What’s just happened with organics?

Recently stories on the Keep the Soil in Organic movement have been happening not only locally but nationally.

Don’t worry if you haven’t seen any of the stories, you can do a quick catch up, just check out the links below:

http://coopnews.coop/farmers-consumers-rally-save-organic/

http://coopnews.coop/whoriskey/

http://coopnews.coop/should-hydroponic-produce-be-certified-organic/

On Wednesday, November 1, the National Organic Standards Board voted 8-7 against a ban on labeling hydroponically grown produce as USDA Certified Organic.

So What Does this Really Mean?

You probably won’t see a change on the produce shelves. Depending on the season, you can find hydroponically grown organic fruits and vegetables like strawberries, tomatoes, lettuce, and cucumbers on the shelves. We always label “hydroponically grown” produce whether it’s organic or not.

What’s Different About Hydroponics?

Hydroponic growers purport this growing method as the way of the future, and one of the ways that the world will feed an ever-growing population. Produce is grown in circulating, nutrient solutions, and provide higher yields and better water efficiency compared to soil-grown operations.

But, there is some debate over whether the nutrients in hydroponically grown produce are the same as in soil-grown produce. Nutrition Specialist Hannah Brilling gave me this perspective,

“We’re only just beginning to understand all the ways in which our gut microbiome may impact our health. One of the ways in which our bodies are exposed to a range of microbes is through the dirt in which our food is grown. Labeling is important for transparency. Whether or not hydroponics is allowed to use the USDA Certified Organic seal, consumers cannot ‘vote with their forks’ if they don’t realize they’re eating a hydroponically grown tomato.”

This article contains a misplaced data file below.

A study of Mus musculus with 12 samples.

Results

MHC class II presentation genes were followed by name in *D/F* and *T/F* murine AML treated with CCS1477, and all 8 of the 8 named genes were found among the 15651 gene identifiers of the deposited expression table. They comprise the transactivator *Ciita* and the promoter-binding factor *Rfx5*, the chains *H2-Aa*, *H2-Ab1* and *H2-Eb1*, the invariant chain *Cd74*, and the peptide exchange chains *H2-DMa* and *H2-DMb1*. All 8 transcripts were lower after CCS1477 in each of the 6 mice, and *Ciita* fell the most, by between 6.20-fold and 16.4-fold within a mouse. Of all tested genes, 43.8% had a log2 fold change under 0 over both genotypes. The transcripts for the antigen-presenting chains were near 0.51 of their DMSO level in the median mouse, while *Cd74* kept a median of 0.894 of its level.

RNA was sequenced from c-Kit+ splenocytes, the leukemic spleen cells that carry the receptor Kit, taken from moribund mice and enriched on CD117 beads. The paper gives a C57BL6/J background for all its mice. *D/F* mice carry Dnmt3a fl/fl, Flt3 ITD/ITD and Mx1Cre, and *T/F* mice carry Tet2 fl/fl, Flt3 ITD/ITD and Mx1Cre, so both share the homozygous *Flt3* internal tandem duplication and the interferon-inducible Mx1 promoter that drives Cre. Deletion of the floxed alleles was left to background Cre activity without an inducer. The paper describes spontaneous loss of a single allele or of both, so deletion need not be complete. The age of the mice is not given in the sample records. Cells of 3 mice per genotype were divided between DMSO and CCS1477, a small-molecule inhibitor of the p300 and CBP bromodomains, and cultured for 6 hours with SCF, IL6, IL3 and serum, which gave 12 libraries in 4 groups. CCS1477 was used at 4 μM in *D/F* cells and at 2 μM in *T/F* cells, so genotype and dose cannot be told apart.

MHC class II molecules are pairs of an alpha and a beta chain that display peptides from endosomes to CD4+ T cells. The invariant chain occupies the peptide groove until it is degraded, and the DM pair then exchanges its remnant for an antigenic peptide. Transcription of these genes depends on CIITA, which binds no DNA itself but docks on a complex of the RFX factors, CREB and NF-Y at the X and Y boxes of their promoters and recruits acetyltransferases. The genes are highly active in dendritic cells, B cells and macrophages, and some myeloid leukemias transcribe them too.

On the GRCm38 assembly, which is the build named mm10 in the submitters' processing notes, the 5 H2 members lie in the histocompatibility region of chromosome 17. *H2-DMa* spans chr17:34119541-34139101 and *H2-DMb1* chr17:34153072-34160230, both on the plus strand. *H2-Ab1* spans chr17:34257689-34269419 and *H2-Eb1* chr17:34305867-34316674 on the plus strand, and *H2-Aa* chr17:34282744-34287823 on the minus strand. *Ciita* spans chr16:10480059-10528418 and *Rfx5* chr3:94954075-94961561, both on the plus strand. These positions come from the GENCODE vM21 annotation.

Prefer Soil-Grown Organics?

The best advice is to shop locally and in season, if you’re looking for soil grown organics, buy your produce from local farms like Picadilly and Harlow Farm, who supply the co-op practically year round. For those short-season fruits like strawberries and raspberries, well, you might have to wait until next June, but you can guarantee it will be worth the wait!

What Does the Co-op Think?

We’re here to provide our member-ownerss and shoppers with food choices they want. I feel this quote from the Hanover Co-op General Manger, Ed Fox, explains it best, “We can’t make our food system perfect, but we can educate people about it and respect everyone’s right to choose as they see fit.”

We’d love to know your thoughts on this issue. Email us at gm@monadnockfood.coop.

This article was originally published by Emily Rogers, Co-op Food Store, Hanover, NH, Member Education Manager and adapted by Emerald Levick, Monadnock Food Co-op, Keene, NH. Thanks, Emily!